However, the circumstance that strikes me as a little “ironic” (I know that there is little true irony in life with a truly Sovereign God) is that this day in between the cross and the empty tomb is Saturday—the Sabbath. This was to be the day when God’s people were to cease from all work, all striving and focus all their attention on their great God through the public reading of Scripture, worship and prayer. These practices were put in place to remind and sustain the worshippers of Jehovah through any dark night of the soul.
Christ’s followers with even as desperate as the moment appeared were not without hope. They had the Word of God to serve as an anchor to the soul. Picking up Isaiah’s prophecy they would have read:
He was oppressed, and he was afflicted,
yet he opened not his mouth;
like a lamb that is led to the slaughter,
and like a sheep that before its shearers is silent,
so he opened not his mouth.
By oppression and judgment he was taken away;
and as for his generation, who considered
that he was cut off out of the land of the living,
stricken for the transgression of my people?
And they made his grave with the wicked
and with a rich man in his death,
although he had done no violence,
and there was no deceit in his mouth.
Yet it was the will of the LORD to crush him;
he has put him to grief;
when his soul makes an offering for guilt,
he shall see his offspring; he shall prolong his days;
the will of the LORD shall prosper in his hand.
Out of the anguish of his soul he shall see and be satisfied;
by his knowledge shall the righteous one, my servant,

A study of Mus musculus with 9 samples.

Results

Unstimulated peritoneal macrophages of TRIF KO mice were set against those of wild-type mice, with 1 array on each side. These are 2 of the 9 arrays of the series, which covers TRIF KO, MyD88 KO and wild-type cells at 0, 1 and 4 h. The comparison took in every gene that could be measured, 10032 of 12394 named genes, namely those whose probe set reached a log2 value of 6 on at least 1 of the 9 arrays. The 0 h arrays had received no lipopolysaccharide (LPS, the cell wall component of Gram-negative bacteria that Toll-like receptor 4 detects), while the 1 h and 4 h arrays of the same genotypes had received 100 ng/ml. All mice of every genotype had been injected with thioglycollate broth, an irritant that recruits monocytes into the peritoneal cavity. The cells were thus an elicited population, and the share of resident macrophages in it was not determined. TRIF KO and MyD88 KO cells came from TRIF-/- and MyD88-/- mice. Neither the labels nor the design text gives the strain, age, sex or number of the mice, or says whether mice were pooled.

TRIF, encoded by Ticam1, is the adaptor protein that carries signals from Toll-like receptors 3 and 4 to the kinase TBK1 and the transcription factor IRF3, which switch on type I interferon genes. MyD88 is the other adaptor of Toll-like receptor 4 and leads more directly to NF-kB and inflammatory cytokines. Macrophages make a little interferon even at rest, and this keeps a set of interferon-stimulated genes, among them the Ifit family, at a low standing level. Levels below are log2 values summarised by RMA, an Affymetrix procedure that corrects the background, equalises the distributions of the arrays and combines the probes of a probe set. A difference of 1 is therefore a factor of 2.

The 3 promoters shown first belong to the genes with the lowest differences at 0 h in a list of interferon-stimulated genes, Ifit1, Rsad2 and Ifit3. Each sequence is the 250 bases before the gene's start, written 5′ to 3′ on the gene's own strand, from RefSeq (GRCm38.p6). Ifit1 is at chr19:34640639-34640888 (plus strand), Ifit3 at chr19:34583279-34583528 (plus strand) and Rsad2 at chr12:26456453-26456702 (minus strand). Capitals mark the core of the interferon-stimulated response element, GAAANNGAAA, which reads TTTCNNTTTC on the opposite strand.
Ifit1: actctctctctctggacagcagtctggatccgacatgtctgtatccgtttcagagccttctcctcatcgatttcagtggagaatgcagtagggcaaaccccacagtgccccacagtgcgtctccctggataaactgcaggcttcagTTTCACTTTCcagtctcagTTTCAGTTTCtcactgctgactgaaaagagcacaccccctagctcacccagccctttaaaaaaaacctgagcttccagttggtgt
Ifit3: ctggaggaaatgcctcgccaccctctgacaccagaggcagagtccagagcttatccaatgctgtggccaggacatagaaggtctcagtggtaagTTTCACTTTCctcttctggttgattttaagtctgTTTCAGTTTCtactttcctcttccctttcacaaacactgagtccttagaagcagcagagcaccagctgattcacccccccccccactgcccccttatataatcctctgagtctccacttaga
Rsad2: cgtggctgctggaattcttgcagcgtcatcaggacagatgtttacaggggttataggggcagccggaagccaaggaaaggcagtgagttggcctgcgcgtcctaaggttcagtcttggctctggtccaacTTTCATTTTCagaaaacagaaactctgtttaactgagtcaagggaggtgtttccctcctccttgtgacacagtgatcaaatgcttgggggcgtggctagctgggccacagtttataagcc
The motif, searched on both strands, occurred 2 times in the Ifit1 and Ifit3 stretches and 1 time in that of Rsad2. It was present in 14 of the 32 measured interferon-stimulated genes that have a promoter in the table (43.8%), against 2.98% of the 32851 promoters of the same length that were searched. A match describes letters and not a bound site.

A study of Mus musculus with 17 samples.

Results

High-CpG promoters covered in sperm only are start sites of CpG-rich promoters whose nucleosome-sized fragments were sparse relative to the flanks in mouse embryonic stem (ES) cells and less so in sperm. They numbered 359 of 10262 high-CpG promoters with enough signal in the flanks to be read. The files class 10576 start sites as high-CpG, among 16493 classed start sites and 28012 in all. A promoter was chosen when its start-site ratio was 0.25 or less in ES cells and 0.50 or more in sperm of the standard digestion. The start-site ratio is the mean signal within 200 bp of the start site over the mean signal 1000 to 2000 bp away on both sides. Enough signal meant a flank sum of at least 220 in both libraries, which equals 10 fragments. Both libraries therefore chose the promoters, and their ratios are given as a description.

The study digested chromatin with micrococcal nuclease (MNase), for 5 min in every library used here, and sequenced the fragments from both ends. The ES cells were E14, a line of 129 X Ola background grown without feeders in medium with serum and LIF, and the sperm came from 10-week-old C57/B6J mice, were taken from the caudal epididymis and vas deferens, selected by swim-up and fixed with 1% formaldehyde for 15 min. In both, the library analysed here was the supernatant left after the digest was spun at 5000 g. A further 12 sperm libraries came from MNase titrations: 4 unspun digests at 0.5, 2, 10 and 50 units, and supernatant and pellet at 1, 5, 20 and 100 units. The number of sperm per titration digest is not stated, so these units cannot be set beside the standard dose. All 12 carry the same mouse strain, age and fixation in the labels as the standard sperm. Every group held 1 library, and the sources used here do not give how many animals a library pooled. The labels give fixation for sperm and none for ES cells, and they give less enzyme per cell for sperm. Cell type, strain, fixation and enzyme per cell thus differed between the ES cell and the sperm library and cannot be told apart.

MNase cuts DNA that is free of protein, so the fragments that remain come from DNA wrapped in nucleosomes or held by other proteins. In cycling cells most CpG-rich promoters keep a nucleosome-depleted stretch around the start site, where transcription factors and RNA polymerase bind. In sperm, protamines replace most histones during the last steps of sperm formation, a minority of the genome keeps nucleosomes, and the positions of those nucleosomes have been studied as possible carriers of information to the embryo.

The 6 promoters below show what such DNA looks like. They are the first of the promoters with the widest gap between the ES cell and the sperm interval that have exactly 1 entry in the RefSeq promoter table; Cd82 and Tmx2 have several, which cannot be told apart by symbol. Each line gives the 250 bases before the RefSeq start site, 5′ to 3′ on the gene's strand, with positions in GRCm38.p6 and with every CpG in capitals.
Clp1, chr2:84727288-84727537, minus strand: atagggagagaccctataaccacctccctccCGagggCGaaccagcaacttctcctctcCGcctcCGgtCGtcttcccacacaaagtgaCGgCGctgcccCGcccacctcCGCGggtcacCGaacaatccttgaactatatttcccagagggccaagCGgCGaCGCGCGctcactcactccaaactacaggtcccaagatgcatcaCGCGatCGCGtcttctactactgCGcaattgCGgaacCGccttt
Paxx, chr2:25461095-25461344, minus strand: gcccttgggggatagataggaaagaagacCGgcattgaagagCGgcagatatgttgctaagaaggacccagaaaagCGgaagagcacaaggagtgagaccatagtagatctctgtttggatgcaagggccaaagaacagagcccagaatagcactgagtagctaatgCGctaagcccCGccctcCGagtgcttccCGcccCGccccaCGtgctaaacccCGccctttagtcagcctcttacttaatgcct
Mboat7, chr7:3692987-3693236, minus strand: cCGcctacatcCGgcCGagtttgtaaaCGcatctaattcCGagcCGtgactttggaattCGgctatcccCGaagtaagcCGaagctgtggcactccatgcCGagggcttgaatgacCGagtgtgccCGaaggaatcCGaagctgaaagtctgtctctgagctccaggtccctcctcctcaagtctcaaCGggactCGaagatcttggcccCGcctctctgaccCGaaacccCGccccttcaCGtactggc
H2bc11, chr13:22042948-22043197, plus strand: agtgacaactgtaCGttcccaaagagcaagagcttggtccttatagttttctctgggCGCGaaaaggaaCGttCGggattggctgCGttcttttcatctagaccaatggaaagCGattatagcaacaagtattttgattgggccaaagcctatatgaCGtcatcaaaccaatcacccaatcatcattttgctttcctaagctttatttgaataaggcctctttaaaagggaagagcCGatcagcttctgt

make many to be accounted righteous,
and he shall bear their iniquities.
Therefore I will divide him a portion with the many,
and he shall divide the spoil with the strong,
because he poured out his soul to death
and was numbered with the transgressors;
yet he bore the sin of many,
and makes intercession for the transgressors.
(Isaiah 53:7-12 ESV)
Even their Lord Himself told them on many occasions: “See, we are going up to Jerusalem, and the Son of Man will be delivered over to the chief priests and the scribes, and they will condemn him to death and deliver him over to the Gentiles. And they will mock him and spit on him, and flog him and kill him. And after three days he will rise” (Mark 10:33-34 ESV).
Silly disciples, why weren’t they resting in God on this Sabbath day? The sobering truth is that if we had been there, we would have been just as distraught, just as much at the end of the rope and road as the original disciples were.
Why aren’t I, a Christ’s 21st Century disciple, resting in my NOW RISEN Lord and Savior? Having the advantage of the Monday morning’s quarterback chair, I know of our Lord’s victory over sin and death. I am convinced that He works all things together for my good and His glory. However, there are still many times when I plunge into the depths of despair and darkness.
Scripture contains a thousand promises and clear indications of our heavenly Father’s undying love for me and all my brothers and sisters in Christ to carry us through the dark nights of our soul. I don’t want to minimize the crisis you are experiencing right now; on the other hand, neither will I downplay God’s great, all-surpassing grace which He consistently lavishes on us. By faith we are to say, “Be gone darkness! ‘Though he slay me, I will hope in him…” (Job 13:15). Strength and light for my journey are mine in Christ. And at the end of this journey, my resurrection and glorification are guaranteed by the Sovereign Lord of all creation.